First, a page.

Jung Ho Kang’s two-homer performance yesterday in his spring debut has a ton of Pittsburgh Pirates fans and observers wondering how the hot corner is going to shake out in 2019.
It was just one game.
Hell, it was just one spring training game.
And, yes, the two home runs that Jung Ho Kang hit in the Pittsburgh Pirates’ eventual 10-6 win over the Miami Marlins yesterday came against Trevor Richards (The Marlins’ minor league pitcher of the year in 2017, yet still carrying just 25 career MLB starts, 4.45 ERA) and Hector Noesi (a career journeyman reliever/spot starter with a career 5.30 ERA/5.00 FIP).
But those two Bradenton blasts swept up Pirates fans in a typhoon of excitement that was further propelled by Ke’Bryan Hayes belting two home runs of his own, including the walk-off winner.
The proceedings should not have been a surprise. Though Kang still represents a great unknown — and one Grapefruit League game isn’t going to change that — many in the game feel that getting back to his established level of production at the plate is simply a matter of fine-tuning his timing rather than rebuilding anything fundamental.
As for Hayes, well. If you aren’t aware of the esteem that the industry holds for “Young Hayes,” you simply aren’t paying attention. Hayes’ already well-established tools are now making room for emerging raw power grown organically into better-by-the-day game power simply through a continuously refining approach. With dazzling defensive capabilities, Hayes will very likely man the Pirates’ 3B station full time at some point in 2020.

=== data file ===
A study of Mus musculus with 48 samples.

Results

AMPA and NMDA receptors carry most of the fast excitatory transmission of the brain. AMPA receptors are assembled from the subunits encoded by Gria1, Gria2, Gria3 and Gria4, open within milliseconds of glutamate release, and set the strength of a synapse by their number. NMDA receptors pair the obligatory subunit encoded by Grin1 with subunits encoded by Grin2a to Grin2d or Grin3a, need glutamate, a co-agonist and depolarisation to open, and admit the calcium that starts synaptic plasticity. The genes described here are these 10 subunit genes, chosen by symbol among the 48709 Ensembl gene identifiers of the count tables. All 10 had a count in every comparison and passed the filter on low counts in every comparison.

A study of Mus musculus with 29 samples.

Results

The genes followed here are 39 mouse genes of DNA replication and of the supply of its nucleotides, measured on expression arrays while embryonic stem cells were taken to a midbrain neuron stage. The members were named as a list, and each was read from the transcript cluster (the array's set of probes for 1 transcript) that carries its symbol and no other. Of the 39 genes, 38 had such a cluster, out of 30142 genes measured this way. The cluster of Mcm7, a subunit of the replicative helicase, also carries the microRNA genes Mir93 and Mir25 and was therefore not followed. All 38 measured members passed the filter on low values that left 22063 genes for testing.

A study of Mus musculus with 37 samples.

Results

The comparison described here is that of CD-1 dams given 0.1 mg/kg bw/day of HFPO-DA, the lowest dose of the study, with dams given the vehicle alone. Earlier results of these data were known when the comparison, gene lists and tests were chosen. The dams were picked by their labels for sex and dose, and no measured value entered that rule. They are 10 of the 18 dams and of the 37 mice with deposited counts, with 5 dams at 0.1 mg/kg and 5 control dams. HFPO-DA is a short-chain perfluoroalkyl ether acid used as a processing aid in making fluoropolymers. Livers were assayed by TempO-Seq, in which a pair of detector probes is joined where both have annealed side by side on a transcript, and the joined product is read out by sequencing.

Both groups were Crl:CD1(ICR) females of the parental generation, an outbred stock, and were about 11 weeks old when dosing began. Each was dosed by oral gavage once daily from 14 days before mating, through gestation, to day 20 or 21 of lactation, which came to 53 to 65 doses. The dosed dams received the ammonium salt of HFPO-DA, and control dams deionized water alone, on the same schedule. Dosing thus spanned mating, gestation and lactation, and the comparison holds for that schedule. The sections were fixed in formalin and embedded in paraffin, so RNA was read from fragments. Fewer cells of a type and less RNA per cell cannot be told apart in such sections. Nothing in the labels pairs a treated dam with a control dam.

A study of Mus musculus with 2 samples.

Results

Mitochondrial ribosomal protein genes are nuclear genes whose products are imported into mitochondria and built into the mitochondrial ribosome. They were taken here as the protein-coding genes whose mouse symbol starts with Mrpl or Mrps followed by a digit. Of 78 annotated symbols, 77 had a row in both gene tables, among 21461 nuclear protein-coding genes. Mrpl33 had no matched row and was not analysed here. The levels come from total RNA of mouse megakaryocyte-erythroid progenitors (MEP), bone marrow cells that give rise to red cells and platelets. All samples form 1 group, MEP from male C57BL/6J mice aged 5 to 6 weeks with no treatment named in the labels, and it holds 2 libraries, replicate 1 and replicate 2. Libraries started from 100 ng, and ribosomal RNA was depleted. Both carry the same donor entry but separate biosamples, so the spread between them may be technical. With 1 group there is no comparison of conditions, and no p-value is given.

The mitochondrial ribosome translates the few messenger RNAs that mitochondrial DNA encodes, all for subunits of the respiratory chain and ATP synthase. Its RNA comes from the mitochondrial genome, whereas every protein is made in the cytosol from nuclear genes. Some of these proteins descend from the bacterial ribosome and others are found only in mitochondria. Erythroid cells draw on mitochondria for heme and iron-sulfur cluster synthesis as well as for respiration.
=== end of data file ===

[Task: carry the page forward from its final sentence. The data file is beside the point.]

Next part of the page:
That does not preclude 2019 from being awfully interesting in the interim, however.
Moran vs. Kang
Of course, the main source of intrigue will be the split in playing time between Kang and Colin Moran.
When Kang first re-entered the states and rejoined the Pittsburgh Pirates, many were quick to point to the duo as a ready-made platoon. The left-handed batting Moran does hit righties well, with a .338 wOBA/113 wRC+ against them last season. He is abjectly terrible against southpaws at .231 wOBA/42 wRC+ rates, making it no surprise that manager Clint Hurdle limited Moran’s exposure to them to just 69 plate appearances all season.
Kang, on the other hand, is rather platoon-proof. Keeping the same wOBA/wRC+ metrics, Kang puts up .329/107 against lefties and .370/135 for his career. Kang’s power does get sapped a bit vs lefties to the tune of a .166 clip, which is notable. He, too, has been limited over his career against LHPs to the tune of 179 PAs.
So if they both don’t hit lefties very well, what is left to platoon?
It should be no surprise to anyone if Kang, after he proves to be sturdy enough, overtakes Moran in the everyday third base role sooner rather than later.
At the end of the day, it is now clear that both are simply keeping a seat warm for Hayes.